Lighting up (Fibre in) South Africa

Lighting up (Fibre in) South Africa

South Africa truly does shine bright as a world class African country as we continue to rollout, connect, and develop our infrastructure. While being connected and having access to the internet is fast becoming a basic human need there are those that will be without access for a while, that’s not to say that just because there is no fibre at your door, that it is not available to you.


Where to begin

“Let’s start at the very beginning, a very good place to start” – Julie Andrews, The Sound of Music

The pricing of Fibre across SA differs from area to area, company to company and SP to SP, sometimes making it challenging to decide on what will be best for you when discussing it with your neighbours or searching for offerings online, be it for FTTH (Fibre to the Home), Business Broadband or Dedicated Fibre. Each offer comes with its own price tag and with that it is sometimes easy to choose the cheapest one without a second thought. There are a few considerations that need to be taken in the process of establishing what truly is best for your business’s unique needs…

Let’s take a slightly deeper look at a few of these important considerations:

Above all should be the SLA (Service Level Agreement)

  • What happens when it goes down? In your SLA the Service Provider will stipulate what their guaranteed uptime is, in addition to their downtime redundancy plan. If ever there is a major outage many providers will have measures in place to ensure minimum downtime for the customer by either having a redundant link or resources available to provide on loan to keep -you- the customer connected.
  • How uncapped is uncapped? They will also disclose their cap or FUP (Fair Usage Policy), if there is one, giving a detailed breakdown of throttling based on bandwidth usage /over usage at various intervals and in a worst-case scenario when you will be cut-off.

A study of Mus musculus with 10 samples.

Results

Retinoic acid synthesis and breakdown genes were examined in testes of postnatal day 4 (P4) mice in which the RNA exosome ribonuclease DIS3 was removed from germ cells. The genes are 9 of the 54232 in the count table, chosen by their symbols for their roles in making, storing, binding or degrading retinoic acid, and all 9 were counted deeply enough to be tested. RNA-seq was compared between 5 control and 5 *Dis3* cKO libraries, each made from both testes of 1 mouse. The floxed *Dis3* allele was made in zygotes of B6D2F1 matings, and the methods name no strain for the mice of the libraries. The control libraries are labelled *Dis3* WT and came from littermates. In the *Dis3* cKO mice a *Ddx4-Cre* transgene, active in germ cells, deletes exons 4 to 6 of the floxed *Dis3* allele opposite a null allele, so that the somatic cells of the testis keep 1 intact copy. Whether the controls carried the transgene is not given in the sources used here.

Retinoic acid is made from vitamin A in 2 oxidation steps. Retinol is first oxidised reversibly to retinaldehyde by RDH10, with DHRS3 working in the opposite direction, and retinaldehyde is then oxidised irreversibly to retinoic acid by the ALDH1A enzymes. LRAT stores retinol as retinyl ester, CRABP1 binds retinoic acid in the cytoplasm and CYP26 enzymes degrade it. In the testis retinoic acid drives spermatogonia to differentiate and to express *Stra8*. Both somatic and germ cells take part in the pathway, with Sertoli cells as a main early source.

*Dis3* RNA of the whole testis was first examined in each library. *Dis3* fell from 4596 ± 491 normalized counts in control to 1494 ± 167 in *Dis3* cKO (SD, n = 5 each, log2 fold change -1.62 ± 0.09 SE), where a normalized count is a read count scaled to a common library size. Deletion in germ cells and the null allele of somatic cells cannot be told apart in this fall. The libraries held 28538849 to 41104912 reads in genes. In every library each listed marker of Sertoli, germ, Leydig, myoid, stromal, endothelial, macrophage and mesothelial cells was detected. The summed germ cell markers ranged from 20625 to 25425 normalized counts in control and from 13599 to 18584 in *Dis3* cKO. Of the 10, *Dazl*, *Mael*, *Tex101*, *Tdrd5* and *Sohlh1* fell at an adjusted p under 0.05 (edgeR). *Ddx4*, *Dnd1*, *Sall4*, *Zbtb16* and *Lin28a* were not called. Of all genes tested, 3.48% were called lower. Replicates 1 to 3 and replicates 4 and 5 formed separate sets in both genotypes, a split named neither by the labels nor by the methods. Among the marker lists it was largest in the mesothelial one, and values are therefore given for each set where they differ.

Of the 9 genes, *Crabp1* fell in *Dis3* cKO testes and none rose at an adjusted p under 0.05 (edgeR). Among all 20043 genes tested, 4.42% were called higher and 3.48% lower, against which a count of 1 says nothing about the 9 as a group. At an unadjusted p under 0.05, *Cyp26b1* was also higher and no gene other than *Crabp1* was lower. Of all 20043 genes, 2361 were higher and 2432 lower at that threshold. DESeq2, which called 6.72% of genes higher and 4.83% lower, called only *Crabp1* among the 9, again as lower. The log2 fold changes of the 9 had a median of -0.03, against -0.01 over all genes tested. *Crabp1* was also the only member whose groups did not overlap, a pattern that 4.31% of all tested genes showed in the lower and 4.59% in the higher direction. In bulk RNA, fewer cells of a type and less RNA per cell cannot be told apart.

• What if a technician is required to come out to resolve an issue? The SLA may or may not cover callouts, labour hours and network management costs. These are dependant on whether or not you have opted for a more “premium package” contractual SLA, or a more general Adhoc service plan. In direct relation to this the service turn-around time will range anywhere from same-day service to … sometime, soon, hopefully service.

Given these considerations regarding just the SLA it makes pertinent the importance of considering a few different Service Providers and package offerings before we make the decision to bind ourselves contractually, for whatever term, to any provider.

Getting bang for your buck

It is important to understand your own needs as well as how capable business fibre is before assuming that it is necessary to have a dedicated incredibly high-speed line on the basis that you have a 200Mb FTTH line at home. Before we delve further into how we go about doing a needs analysis it is important to note that just because you pay R1299.00 for your FTTH 200Mbps, it is no way safe to assume that business fibre will be either, in the region of, or anywhere near the same price you pay at home.

Business Fibre is considerably more expensive than the FTTH simply because of the list of guarantees that come with it; high speeds, minimum downtimes, service turnaround times.
Ranging anywhere from R1449.00 to R1945.00 for basic 10Mbps Business Broadband Fibre,
with Dedicated Business 100Mbps Fibre ranging from R5149.00 to R6995.00 and,
all the way to well over the R10 000.00 horizon for dedicated 1Gbps line speeds.

Who’s using it and for what?  Here are some Considerations:

  • The number of users and devices being connected
  • Do you have security and accessibility policies managing your network
  • Will it be used for telecommunications
  • Off-site and on-site servers
  • Video conference users; and
  • What type of data are you sharing, downloading, and uploading

If you are a 10-man business that sends emails, uses the phones to contact customers and stores data in the cloud a 20Mbps line will work just fine, while a 50Mbps line will run everything optimally.

On the other hand if you are an enterprise running VPNs, connecting to overseas servers, uploading and downloading large files throughout the course of the day it becomes important to have both a Dedicated Business Fibre line for both privacy and security as well as having network management tools and policies in place that enforce endpoint, user and device restrictions.

How long will it take to get Fibre

Once you have ascertained whether you will be using Broadband Fibre or will be requiring a Dedicated Business Fibre package the timeline from order to activation can span anywhere from a few days to 8-10 weeks, this usually depends on one major factor in the process which is dealing with Municipalities for wayleaves to trench and lay the fibre.